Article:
Researchers, including those from the Georgia Institute of Technology in the US, said the presumed immunity of those who have recovered from the novel coronavirus infection could allow them to safely substitute for susceptible people in certain high-contact occupations such as healthcare.

They anticipate that this “shield immunity,” would protect against short-term reinfection and allow recovered patients to expand their interactions with infected and susceptible people.

According to the study, published in the journal Nature Medicine, this could potentially reduce overall transmission rates when interactions are permitted to expand.

The scientists suggested that an intervention strategy based on shield immunity could reduce the risk of allowing the higher levels of human interaction needed to support expanded economic activity.

They said the number of people infected by the novel coronavirus is likely much higher than what has been officially reported, adding that this could aid efforts to utilise the presumed immunity of recovered individuals to protect the larger community.

Noting an important caveat to this strategy, the scientists said, the duration of immunity to reinfection by SARS-CoV-2 remains unknown.

However, based on earlier studies they said individuals who survived infections by related viral infections, like SARS, had persistent antibodies for approximately two years, and those who survived infection to MERS had evidence of immunity for approximately three years.

Determining on a broad scale who has antibodies that may protect them from the novel coronavirus will require a level of reliable testing not yet available in many parts of the world, the scientists said.

“Our model describes ways in which serological tests used to identify individuals who have been infected by and recovered from COVID-19 could help both reduce future transmission and foster increased economic engagement,” said Joshua Weitz, study co-author from the Georgia Institute of Technology.

“The idea is to think in advance about how identifying recovered individuals could help serve the collective good, using information collected on neutralising antibodies in new ways,” Weitz said.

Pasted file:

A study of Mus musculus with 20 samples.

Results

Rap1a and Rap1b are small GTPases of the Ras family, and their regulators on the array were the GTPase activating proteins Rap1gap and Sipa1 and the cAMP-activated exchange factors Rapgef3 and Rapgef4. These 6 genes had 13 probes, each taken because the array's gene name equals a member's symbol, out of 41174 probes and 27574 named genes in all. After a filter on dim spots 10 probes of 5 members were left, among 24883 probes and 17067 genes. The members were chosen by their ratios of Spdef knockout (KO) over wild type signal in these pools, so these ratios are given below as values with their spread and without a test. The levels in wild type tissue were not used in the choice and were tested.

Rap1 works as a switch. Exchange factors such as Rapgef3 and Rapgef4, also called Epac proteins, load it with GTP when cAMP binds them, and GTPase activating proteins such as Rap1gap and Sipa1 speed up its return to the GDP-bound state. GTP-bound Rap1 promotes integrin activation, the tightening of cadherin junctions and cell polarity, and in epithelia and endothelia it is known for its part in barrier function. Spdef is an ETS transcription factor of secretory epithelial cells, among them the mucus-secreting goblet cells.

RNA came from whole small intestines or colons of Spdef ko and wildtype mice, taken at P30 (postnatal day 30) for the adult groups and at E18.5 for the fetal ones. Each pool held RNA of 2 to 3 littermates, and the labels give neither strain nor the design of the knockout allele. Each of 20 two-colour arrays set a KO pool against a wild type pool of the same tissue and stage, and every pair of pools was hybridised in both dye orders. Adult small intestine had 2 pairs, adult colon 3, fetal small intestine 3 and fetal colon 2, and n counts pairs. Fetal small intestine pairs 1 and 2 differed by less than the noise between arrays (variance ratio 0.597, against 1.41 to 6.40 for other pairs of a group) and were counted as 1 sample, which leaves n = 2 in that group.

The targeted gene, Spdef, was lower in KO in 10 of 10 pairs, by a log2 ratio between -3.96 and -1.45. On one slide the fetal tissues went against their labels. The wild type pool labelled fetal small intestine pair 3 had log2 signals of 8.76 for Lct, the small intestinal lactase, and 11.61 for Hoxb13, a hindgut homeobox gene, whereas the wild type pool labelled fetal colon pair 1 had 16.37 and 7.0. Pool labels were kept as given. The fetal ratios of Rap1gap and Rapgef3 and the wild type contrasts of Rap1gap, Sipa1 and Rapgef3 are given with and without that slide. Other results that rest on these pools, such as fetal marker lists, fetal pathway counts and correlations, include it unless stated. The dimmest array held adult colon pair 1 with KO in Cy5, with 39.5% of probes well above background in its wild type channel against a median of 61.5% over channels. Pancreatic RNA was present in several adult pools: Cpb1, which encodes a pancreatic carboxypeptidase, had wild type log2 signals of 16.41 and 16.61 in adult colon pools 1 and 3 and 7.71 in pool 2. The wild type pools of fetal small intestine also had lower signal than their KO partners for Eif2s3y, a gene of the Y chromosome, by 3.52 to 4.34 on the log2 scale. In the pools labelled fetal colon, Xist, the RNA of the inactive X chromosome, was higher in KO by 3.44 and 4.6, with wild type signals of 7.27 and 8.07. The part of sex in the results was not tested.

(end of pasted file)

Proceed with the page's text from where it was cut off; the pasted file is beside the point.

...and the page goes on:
In the current study, the researchers studied the potential impacts of presumed immunity among recovered persons using a computational model of COVID-19 transmission dynamics.

In a population of 10 million citizens, for example, they said the model predicts that in a worst-case transmission scenario, implementation of an intermediate shielding strategy could help reduce deaths from 71,000 to 58,000.

An enhanced shielding plan, the study said, could cut deaths from 71,000 to 20,000.

Based on the model, the researchers also suggested that shielding could enhance the effects of social distancing strategies that may remain in place once higher levels of economic activity resume.

Identification of individuals who have protective antibodies against the novel coronavirus has begun only recently, the said.

Antibody tests are not 100 per cent specific, implying that tests can lead to false positives, the study cautioned.

However, targeted use of antibody testing in groups with elevated exposure will lead to increases in positive predictive value, even with imperfect tests, it said.

According to the researchers, serological testing could identify recovered individuals among healthcare professionals who might then be able to interact with patients with reduced concern for infection.

Across society, the relatively small number of individuals with immunity could substitute for people whose immunity status isn’t known.

Doing this may reduce transmission risk both for recovered individuals and those who remain immunologically naive, the scientists said.

“We want to think about serology as an intervention. Finding out who is immune to the coronavirus could make a big difference in trying to reduce the risk to people who would be vulnerable by interacting with someone who could pass on the disease,” Weitz said.

“The reality is that people within high-contact jobs probably are likely to have a higher incidence of infection than other groups,” he added.

But the scientists also caution that using antibody information about individuals may create privacy issues, and require those individuals to make informed decisions about accepting risks for the greater good of the community.

“What this model says is that if we could identify individuals who are immune, there is a chance that some individuals would not have to reduce their level of interaction with others because that interaction would be less risky,” Weitz said.

“Rather than trying to keep reducing interactions, which is helpful for reducing transmission but bad for what it does for the economy, we might be able to maintain interactions while reducing the risk, combined with other mitigation approaches,” he added.

Addressing the pandemic will ultimately require the development and mass production of a vaccine that could boost immunity levels beyond 60 percent in the general population.

Until this is available, Weitz believes that shield immunity could become part of the approach to the challenge.